As a parent, how can you make the most of your stop and start schedule for creating? Many of the creative moms I’ve talked to get frustrated either because they can never get started or because they can never finish a creative project. One way to fix both of these problems is by finding ways to work 10 minutes at a time.
What creative project can I do in ten minutes?
- Art Journal
- Draw: Challenge yourself to one sketch a day.
- Sew: You’ll probably have to break your project into chunks. Pick fabric one day, cut pieces another, just keep going bit by bit.
- Quilt: Many quilters use pizza boxes for WIPs (works in progress). You can use Equilter or a design notebook to plan and then piece away. One block at a time, you’ll get it done.
- Scrapbook: You can choose a theme for an entire book and add to it over time or work on an elaborate one page layout.
- Embroider: I store embroidery WIPs in ziploc bags. Doodle Stitching, by Aimee Ray is a fun resource for relaxed stitching.
- Knit or crochet: Maybe you want to try freeform knitting or crochet?
- Needle felt
- Write: Blogging, journaling, writing a story
- Your Idea HERE- just choose your project and find a way to do things one step at a time!
How can I do this if I can’t leave things out?!
For many of these activities that should be no problem- your sketchbook and a pen can go anywhere. For others you’ve got to make yourself kits. Embroidery and knitting can be stashed in a basket or bag and tucked by your bed or in the living room, wherever you are likely to work on the project. For larger projects you’ll need some storage container that can hold what you need to work and then be tucked away again. Maybe an under the bed plastic tote or a basket on your bookshelf.
The trick is to put everything you need together in one spot. Put in the scissors, the embroidery hoop, your pattern. Obviously the sewing machine would be a bit much, but you get the picture. Make yourself a kit so you don’t have to go around gathering supplies when you want to be creating.
Some creative work can be completed in ten minutes- say doing a sketch or writing a journal entry. Some projects evolve on their own (such as the freeform knitting idea above, or an ongoing art journal page,) but some projects require a bit more planning and perseverance. This is where a project notebook can help. Your notebook is just a place where you can jot down next steps. Keep it with your project. That way, when you start work, you aren’t bogged down trying to remember where you left off.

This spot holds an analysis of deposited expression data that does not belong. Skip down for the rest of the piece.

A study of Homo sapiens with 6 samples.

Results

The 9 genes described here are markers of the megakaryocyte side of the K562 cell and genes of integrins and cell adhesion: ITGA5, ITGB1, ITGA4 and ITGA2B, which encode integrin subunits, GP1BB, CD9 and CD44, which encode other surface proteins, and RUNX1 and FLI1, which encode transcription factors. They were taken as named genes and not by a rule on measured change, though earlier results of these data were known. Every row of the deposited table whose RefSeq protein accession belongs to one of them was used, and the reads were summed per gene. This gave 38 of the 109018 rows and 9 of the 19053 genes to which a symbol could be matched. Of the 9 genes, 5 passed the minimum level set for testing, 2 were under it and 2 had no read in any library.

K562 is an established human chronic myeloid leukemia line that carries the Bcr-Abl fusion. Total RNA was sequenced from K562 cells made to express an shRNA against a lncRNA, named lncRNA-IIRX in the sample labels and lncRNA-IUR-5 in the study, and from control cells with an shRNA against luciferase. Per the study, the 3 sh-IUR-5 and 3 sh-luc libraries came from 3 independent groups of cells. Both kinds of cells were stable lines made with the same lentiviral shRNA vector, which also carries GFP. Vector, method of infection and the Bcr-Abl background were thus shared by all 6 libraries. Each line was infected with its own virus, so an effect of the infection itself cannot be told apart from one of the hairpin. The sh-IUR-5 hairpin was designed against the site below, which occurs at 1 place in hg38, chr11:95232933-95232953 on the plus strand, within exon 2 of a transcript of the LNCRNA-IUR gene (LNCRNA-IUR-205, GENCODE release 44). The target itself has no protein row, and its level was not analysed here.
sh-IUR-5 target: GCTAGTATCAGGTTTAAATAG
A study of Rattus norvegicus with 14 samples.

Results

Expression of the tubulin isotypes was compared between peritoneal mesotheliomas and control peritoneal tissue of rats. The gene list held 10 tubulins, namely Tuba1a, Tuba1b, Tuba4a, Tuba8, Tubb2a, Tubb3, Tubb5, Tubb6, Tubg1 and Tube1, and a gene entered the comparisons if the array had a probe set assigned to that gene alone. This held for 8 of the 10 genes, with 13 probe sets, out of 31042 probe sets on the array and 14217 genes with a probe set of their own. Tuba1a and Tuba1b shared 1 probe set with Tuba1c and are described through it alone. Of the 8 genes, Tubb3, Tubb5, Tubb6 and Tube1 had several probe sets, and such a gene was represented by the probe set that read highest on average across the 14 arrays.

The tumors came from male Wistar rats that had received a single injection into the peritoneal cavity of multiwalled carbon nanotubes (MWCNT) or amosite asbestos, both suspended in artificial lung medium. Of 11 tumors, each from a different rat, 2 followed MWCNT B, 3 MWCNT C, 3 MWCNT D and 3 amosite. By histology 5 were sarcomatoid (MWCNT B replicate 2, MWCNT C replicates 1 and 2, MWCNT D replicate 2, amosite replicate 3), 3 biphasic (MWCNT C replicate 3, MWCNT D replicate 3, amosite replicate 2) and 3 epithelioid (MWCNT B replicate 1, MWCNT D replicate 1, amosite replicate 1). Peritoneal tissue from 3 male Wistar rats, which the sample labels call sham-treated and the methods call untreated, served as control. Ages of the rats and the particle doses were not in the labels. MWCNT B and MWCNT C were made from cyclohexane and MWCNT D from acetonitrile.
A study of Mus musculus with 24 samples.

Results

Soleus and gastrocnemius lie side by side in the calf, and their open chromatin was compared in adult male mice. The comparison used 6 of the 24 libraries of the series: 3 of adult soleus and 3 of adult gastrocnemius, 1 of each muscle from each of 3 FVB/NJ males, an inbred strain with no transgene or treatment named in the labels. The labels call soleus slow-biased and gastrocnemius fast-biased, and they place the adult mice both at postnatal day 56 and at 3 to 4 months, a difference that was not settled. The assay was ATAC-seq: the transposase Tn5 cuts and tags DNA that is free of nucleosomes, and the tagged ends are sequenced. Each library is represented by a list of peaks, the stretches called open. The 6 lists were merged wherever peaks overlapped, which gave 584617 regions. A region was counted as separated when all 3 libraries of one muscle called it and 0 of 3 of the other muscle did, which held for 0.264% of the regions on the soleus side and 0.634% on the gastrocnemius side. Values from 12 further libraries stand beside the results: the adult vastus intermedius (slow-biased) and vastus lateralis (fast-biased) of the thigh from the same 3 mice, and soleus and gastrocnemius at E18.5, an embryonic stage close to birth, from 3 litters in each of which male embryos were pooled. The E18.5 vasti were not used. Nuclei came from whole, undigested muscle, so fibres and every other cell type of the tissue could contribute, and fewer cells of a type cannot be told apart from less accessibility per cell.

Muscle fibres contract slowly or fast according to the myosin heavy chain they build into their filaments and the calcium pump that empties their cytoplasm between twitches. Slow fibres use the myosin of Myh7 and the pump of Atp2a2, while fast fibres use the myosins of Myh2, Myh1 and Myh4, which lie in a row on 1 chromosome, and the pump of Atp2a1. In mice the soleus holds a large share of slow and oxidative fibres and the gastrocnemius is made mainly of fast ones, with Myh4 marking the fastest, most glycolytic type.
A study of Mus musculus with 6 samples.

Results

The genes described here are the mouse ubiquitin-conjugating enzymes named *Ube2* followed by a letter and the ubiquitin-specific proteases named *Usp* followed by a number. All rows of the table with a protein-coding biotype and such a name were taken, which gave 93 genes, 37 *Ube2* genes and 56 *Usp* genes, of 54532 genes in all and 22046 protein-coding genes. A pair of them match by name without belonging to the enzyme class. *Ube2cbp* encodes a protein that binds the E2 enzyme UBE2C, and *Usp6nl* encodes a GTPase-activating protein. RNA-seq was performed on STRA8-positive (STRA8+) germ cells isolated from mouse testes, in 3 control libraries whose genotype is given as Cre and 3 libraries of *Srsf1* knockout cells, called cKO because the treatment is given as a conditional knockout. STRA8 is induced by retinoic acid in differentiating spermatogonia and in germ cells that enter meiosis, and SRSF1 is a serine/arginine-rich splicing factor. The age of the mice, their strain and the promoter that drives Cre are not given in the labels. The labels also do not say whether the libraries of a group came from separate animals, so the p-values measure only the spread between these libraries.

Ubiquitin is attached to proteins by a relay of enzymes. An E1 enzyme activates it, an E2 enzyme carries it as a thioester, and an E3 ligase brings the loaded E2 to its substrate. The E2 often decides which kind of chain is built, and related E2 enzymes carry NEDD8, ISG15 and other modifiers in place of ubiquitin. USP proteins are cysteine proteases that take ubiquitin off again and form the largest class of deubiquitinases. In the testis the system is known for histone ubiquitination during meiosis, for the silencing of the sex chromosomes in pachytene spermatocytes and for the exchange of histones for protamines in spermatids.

If you find yourself becoming overwhelmed by something, stop and think “What is the next step?” then jot it down. Often I find that I am overwhelmed when the next step is one I am confused about, so it feels impossible. That means the next step might be, “Look up how to…” or “Call my friend and ask how she does this.”
Planning for longer work sessions
No getting around it, some things require uninterrupted time. When you’ve been using a project notebook and taking little chunks of time to work on what you can do in ten minutes, you’ll be better prepared for that day when you can get a baby sitter.
However, another option might be to decide that this is not the time in your life to DO the sorts of projects that take large swaths of time. Only you know if that could work for you. For me, I’ve decided to consciously take a break from doing projects that will only work with lots of uninterrupted time. That time just isn’t available right now and I decided: this is temporary. My kids won’t be this little forever, and I’m finding it easier to leave the larger projects for later on. I figure if just continue working on smaller creative endeavors I’ll be primed and ready as things change and time opens up again, so instead of feeling guilty about what I cannot accomplish, I’m making it a choice.
Make a commitment:
The only way we’ll get creative work done as mothers is to commit to it. Choose a time each day to create and then use that ten minutes for creating.
Alternatively, make a commitment to work ten minutes each day and then look for that opportunity and grab it. You’ve got to just do it, even when you don’t feel like it. Set a timer and go!
Your whole day can easily get away from you if you don’t make it a priority. To keep yourself accountable you may wish to find a creative friend, post on your blog about it, or check in on our forum to say what you’ll be doing. We’ll be sharing pictures and stories during the week of what we’re working on.
I’m cheering you on! Go get creative! How about choosing a creative project to work on for ten minutes a day for a week? Are you up for that challenge? What will you be doing?